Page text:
Onkar Singh in New Delhi | January 07, 2003 17:08 IST
Patricia Hewitt, the British Secretary of Trade and Industry, has said that the developed countries cannot expect free trade from other nations, while at the same time offering protection to its business and agricultural sectors.
Speaking at a function held by Federation of Indian Chambers of Commerce and Industries in New Delhi, she said that the high tariff rates on import of certain items by all countries to protect their own business interests are harming globalisation of free trade.
"We in the West have a long way to go. The European Union must open its markets and allow Indian products such as roses and mushrooms; it must also reduce agricultural subsidies and move away from flooding developing markets with cheap imports such as milk powder. In short, we cannot preach free trade and practice protectionism. It is wrong that the EU spends $2 a day on every dairy cow when a billion adults and children struggle to survive on half of that cost," she said.
She said that by halving protectionist barriers world trade can grow by $150 billion a year, 'three times the amount currently given in aid to those very countries.'
She regretted that over 40 per cent of the Indian agricultural produce goes waste before it reaches the market. She offered the expertise of British specialists to help reduce this wastage.
She lauded the contribution by the Indian businessmen in the British economy and named Karan Bilimoria of Cobra Beer and Raj Loomba who has a successful clothing business in London.
She said that Nasser Hussain, captain of the English cricket team, was another contribution of the British-Indian relationship.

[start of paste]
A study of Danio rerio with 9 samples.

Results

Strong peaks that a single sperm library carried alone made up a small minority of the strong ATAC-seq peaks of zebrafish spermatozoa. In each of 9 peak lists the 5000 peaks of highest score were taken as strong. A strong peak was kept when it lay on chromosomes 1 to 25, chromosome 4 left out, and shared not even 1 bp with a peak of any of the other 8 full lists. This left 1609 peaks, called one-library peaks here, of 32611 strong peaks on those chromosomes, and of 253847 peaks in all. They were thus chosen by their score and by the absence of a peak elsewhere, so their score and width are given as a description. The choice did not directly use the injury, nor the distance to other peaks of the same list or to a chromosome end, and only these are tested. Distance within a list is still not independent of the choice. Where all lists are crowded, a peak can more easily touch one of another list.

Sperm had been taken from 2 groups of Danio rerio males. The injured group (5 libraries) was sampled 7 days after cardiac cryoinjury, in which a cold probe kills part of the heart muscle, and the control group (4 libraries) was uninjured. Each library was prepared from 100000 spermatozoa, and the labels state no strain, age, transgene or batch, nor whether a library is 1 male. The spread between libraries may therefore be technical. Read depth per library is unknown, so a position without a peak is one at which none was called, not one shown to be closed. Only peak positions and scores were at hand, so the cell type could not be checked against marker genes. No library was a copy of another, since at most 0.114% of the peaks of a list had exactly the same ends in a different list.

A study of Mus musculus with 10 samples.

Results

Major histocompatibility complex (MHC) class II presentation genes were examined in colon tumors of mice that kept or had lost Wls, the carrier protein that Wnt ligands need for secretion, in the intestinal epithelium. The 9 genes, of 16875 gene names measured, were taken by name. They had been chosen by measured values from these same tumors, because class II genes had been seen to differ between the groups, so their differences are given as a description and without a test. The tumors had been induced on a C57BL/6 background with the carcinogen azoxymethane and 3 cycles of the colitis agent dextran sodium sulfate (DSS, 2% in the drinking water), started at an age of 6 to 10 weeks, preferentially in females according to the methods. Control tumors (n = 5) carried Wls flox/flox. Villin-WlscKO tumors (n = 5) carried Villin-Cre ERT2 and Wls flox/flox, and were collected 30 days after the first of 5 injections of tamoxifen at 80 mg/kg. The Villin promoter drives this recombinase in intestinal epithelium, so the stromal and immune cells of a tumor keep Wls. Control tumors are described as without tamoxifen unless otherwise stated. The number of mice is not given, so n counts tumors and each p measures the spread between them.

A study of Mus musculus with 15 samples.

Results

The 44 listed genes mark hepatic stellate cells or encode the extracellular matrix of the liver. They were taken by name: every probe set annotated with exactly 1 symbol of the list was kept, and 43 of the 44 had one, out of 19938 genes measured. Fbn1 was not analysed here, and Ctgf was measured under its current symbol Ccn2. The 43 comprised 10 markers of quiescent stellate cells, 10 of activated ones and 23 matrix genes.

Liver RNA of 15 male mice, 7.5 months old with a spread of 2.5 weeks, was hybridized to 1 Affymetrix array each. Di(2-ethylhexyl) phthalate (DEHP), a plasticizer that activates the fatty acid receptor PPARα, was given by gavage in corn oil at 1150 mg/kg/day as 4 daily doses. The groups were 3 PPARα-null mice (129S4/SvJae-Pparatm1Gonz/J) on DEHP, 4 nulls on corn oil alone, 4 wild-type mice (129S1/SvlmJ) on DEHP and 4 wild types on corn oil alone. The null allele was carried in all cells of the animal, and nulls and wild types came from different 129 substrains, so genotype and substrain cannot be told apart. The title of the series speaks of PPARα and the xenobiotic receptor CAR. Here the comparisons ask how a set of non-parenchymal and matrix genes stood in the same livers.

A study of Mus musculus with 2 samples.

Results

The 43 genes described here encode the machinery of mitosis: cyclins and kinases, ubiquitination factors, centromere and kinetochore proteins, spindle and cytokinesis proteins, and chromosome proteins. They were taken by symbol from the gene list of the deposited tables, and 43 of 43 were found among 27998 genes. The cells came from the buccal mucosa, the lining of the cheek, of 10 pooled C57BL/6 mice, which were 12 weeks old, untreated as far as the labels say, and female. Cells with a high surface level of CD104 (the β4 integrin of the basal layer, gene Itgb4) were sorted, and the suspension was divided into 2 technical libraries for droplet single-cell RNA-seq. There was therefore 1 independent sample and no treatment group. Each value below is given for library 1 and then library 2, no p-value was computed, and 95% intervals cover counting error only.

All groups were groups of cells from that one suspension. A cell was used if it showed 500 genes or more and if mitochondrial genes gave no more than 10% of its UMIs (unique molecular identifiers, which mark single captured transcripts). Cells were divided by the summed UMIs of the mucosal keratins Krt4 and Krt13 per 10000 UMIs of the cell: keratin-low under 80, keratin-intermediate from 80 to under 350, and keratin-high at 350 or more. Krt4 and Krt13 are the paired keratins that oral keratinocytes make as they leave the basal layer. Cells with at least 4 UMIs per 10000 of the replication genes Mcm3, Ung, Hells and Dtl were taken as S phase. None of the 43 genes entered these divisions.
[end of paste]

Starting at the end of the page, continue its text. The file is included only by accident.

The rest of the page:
She did not miss the opportunity to mention how the Indian cell phone industry has been making big strides in the telecommunications sector, when the cell phone of a businessman attending the function suddenly rang.
"I have noticed the strides that you have made in the cell phone sector," she said amidst laughter.
A C Muthiah, president of FICCI, in his welcome speech mentioned that FICCI was holding the biggest get together of the Non-Resident Indians later this week in New Delhi and amongst those who would be participating from Britain, included eminent names like V S Naipaul, Amartya Sen, Lord Navnit Dholakia, Lord Bagri, Lord Amir Ramchand Bhatia, Lord Bhiku Parekh, and Lord Swraj Paul.
"The United Kingdom continues to be the most favoured destination for attracting Indian investments. This is reflected in the fact that, in 2001-2002, India -- with 17 new businesses established in the UK -- held its ground as an important investor into Britain. India also views the UK as its strategic gateway to the European market. Over the last three years nearly 40 per cent of Indian overseas investment has been into Europe. Of course, at least 60 per cent of this was in UK," she said.